Pence, House seek to dismiss Gohmert-GOP suit aimed at letting him overturn election


The House made the request after Mr. Pence himself weighed in against the plaintiffs — Rep. Louie Gohmert of Texas and several Arizona Republicans who unsuccessfully ran to be presidential electors — in a Justice Department brief calling the suit a “walking legal contradiction.” Mr. Gohmert named Mr. Pence as the sole defendant, which the Justice Department noted is “ironically the very person whose power they seek to promote.”


According to a court filing, Mr. Gohmert’s lawyers attempted to reach an agreement with Mr. Pence regarding the lawsuit, but those discussions were unsuccessful.

U.S. Rep. Louie Gohmert, R-Texas, left, and Vice President Mike Pence.

U.S. Rep. Louie Gohmert, R-Texas, left, and Vice President Mike Pence.

Mr. Gohmert’s lawsuit challenges the procedures that will govern Congress’s counting of electoral votes next week, which will cement President-elect Joe Biden’s victory. Further, the lawsuit argues that the Electoral Count Act of 1887, which assigns the vice president a ceremonial role in announcing the election results, circumscribes his power under the 12th Amendment.

The 12th Amendment states “the President of the Senate shall, in the presence of the Senate and House of Representatives, open all the certificates and the votes shall then be counted.”

“Under the 12th Amendment, Defendant Pence alone has the exclusive authority and sole discretion to open and permit the counting of the electoral votes for a given state, and where there are competing slates of electors, or where there is objection to any single slate of electors, to determine which electors’ votes, or whether none, shall be counted,” Mr. Gohmert’s brief says.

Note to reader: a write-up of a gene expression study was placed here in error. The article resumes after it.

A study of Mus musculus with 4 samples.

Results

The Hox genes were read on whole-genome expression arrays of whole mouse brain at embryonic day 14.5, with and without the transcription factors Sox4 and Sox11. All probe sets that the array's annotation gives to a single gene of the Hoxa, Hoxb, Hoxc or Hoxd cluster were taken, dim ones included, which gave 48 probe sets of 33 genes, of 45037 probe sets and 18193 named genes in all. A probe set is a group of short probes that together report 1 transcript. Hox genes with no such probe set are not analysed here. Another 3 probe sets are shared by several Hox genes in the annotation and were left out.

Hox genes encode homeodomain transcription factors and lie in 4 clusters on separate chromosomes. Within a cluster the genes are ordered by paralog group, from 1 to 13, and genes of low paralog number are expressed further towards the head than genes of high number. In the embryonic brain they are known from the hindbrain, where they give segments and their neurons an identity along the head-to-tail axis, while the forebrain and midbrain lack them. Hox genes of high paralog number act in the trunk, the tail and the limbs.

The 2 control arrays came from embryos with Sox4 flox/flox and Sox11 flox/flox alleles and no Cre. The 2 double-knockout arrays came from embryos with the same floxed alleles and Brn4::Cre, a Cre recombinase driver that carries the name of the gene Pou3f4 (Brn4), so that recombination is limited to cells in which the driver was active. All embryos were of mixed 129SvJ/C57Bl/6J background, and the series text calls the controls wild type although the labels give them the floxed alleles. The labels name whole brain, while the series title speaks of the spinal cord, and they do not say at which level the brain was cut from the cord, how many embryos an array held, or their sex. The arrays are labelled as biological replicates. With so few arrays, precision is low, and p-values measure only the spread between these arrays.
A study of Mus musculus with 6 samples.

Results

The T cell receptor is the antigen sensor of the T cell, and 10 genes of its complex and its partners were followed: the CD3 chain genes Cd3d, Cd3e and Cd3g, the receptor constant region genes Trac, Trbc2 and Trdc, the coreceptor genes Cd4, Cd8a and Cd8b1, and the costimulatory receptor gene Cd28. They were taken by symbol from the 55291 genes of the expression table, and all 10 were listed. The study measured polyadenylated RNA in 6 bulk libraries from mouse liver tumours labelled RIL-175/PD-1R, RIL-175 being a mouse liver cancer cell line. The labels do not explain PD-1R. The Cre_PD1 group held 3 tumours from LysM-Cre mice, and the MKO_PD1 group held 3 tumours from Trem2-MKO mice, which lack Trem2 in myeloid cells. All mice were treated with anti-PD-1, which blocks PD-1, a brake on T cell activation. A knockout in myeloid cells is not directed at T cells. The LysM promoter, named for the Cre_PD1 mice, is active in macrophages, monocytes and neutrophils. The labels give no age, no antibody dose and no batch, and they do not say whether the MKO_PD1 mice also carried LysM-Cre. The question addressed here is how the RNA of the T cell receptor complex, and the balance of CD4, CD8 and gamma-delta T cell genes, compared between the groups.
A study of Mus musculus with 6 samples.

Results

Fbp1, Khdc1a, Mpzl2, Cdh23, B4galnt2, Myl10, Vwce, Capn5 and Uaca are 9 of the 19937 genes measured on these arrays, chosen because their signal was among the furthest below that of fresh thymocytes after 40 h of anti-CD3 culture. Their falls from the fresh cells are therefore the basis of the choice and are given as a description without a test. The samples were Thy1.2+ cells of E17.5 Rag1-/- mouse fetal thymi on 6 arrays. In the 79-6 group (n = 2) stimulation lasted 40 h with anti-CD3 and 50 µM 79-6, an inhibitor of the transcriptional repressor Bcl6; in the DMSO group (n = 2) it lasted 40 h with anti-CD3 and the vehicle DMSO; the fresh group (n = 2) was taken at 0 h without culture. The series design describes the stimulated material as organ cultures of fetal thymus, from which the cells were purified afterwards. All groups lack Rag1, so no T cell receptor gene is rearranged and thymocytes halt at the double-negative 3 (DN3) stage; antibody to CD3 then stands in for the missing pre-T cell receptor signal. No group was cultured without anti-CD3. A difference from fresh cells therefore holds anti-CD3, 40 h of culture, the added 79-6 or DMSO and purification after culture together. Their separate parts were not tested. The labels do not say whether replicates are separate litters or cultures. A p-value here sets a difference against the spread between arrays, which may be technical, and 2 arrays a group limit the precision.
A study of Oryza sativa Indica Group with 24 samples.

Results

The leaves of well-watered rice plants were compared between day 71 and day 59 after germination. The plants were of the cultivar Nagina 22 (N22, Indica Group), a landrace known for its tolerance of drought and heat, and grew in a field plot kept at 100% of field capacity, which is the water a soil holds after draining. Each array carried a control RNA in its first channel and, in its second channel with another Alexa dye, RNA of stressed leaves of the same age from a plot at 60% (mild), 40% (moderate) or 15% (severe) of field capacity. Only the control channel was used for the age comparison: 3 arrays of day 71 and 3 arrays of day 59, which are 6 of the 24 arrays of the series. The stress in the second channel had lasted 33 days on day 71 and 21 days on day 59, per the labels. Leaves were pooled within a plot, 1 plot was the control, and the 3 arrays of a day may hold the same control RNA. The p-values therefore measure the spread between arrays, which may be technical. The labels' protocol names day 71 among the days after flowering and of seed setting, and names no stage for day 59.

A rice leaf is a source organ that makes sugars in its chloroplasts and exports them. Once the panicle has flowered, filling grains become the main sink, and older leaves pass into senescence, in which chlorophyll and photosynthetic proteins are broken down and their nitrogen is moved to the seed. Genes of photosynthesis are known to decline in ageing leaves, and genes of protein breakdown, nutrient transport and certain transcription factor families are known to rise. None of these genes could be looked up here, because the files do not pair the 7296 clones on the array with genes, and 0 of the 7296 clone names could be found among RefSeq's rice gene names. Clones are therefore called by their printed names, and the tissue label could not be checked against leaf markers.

“The Amendment’s use of the active voice and mention of the Vice President in the first clause—‘The President of the Senate shall…open all the certificates’—in contrast with its use of the passive voice and omission of the Vice President from the second clause—‘the votes shall then be counted’—demonstrates that the Amendment assigns the Vice President the task of opening the certificates and leaves the counting of the votes to others,” House General Counsel Douglas Letter wrote in his response.

The Justice Department, while avoiding an opinion on the 12th Amendment, suggested that Mr. Gohmert might instead sue Congress itself, since the 1887 act vests the legislature with powers that they are seeking to transfer to Mr. Pence.

The department is acting on behalf of Mr. Pence because he was sued in his official capacity.

This story continues in The Wall Street Journal.

Siobhan Hughes and Deanna Paul contributed to this article.